What does cybergeddon have to do with ebola?
In 2014 Ebola has claimed over 4,000 lives in Western Africa and caused ONE death (of a person who contracted the disease in Africa) in the United States. Many Americans are in a proper panic about it and it continues to be front page news. In typical fashion, we have found something to worry about while conveniently ignoring other, “less sensational” but more critical topics:
- According to the CDC, Influenza kills about 3,000 people in this country in a good year (1986-1987) and up to nearly 50,000 in a bad one (2003-2004). Yet during the 2013-2014 flu season, only 46 percent of Americans received vaccinations against influenza.
- Seat belts have saved an estimated 255,000 lives since 1975. Yet each year more than 50 percent of people killed in car crashes were not wearing a seat belt.
- There are more than 3.5 million cases of skin cancer and it is responsible for almost 10,000 deaths yearly. Yet take a look around on any summer day at the Americans who continue to ignore warnings to use sunscreen and hats and proudly show off their tans. (Or in the winter for those who continue to maintain their tans through tanning beds even though more people develop skin cancer because of tanning than develop lung cancer because of smoking.)
I could go on with examples of drunk driving, deaths from firearms, forgoing childhood immunizations, the American diet…
None of this is meant to lessen the horrible crisis of Ebola. We can and should pour our resources into stopping the spread of this disease, especially in Africa, where the problem is of catastrophic proportion. But one must ask, why are we not doing more to stop the things we KNOW are a REAL threat to us, when we have all the knowledge and tools to prevent them?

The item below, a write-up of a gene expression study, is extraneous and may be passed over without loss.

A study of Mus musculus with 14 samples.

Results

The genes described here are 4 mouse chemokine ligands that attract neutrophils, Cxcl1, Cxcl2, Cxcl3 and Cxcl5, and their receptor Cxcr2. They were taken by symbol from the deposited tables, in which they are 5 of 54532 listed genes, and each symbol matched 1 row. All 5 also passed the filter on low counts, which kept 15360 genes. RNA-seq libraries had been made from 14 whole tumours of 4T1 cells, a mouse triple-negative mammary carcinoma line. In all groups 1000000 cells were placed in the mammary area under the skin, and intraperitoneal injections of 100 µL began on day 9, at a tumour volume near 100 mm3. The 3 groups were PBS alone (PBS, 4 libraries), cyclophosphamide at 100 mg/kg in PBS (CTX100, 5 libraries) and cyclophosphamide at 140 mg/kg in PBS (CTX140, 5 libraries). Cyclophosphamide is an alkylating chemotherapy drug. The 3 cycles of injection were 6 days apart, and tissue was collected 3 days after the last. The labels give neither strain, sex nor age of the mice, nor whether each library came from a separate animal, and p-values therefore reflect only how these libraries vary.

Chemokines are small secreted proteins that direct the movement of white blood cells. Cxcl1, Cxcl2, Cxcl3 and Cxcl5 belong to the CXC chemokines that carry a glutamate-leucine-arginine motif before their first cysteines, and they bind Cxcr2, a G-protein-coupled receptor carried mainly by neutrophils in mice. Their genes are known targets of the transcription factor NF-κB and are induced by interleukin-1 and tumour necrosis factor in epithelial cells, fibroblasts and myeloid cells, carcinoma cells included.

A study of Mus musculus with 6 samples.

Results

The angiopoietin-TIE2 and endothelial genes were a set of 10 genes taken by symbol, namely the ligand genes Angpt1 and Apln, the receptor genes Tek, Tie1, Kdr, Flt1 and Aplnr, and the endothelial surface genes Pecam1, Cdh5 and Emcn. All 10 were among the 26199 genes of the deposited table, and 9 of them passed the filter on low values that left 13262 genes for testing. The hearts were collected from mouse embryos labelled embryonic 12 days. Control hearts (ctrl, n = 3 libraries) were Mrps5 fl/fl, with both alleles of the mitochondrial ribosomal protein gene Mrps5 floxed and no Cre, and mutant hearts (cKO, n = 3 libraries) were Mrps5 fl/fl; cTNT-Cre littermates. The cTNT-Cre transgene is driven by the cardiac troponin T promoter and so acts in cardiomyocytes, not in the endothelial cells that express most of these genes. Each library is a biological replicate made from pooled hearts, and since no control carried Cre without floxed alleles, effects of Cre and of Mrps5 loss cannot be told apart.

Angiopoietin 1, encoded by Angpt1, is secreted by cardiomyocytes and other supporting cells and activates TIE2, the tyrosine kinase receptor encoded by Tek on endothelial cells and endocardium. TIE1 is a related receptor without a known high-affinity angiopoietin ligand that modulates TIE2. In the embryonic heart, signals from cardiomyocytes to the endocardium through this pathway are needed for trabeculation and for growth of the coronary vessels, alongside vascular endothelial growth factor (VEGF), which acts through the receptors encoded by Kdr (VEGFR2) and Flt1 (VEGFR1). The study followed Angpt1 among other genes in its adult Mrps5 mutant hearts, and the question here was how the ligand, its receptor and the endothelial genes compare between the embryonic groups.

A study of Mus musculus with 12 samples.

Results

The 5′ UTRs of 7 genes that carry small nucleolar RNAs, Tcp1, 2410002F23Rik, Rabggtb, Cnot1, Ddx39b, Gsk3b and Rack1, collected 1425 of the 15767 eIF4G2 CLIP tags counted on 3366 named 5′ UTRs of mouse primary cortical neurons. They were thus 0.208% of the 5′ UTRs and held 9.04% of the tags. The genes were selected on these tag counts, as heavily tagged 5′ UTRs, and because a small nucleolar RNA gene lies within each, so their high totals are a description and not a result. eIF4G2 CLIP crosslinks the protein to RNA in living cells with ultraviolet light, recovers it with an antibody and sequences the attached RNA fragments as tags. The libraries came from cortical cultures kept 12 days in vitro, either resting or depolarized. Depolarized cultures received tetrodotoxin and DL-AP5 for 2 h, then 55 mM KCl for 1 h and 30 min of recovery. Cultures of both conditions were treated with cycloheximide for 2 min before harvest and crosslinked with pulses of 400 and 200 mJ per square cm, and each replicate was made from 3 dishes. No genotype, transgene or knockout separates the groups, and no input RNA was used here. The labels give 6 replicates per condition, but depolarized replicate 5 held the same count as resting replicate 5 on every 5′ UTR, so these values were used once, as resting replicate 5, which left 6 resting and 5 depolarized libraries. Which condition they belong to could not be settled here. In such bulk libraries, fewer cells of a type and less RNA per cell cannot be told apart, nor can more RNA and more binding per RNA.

Our gravest health threats are those that we understand, but fail to take proper action against.
And the very same is true for cyber security and impending cybergedddon (complete destruction due to a cyber event). We focus on electronic pickpocketing because it’s novel, and forget that the same credit card that in a rare case might be scanned by a $1,000 piece of equipment should a thief manage to get within several inches of our wallet, is the same card that we already hand over to complete strangers many times per week. Corporations spend millions on software to detect digital intrusion, but don’t have the budget to train employees on how to use it properly.
The solution lies not in stopping electronic pickpocketing, but in utilizing 15-year-old technology that has been in place for decades in most developed countries (chip and pin technology, which Apple is finally mainstreaming). In cyber security, the old problems are still the biggest problems: poor passwords, unwise link clicking, something-for-nothing scams, outdated operating systems, anti-virus and mission-critical applications, and most of all, human training that would bore drying paint to tears. If cybergeddon occurs, it will be because we focused on the shiny bits rather than the substance.
Stop looking at what is gaining attention in the media, and start looking at the weak spots inside of your organization that will more quickly cure your cyber security problem.
John Sileo is a cyber security expert who focuses the human side of the equation. John specializes in making security entertaining for keynote audiences, so that it works. John is CEO of The Sileo Group, whose clients include the Pentagon, Visa, Homeland Security & Pfizer. John’s body of work includes appearances on 60 Minutes, Rachael Ray, Anderson Cooper & Fox Business. Contact him directly on 800.258.8076.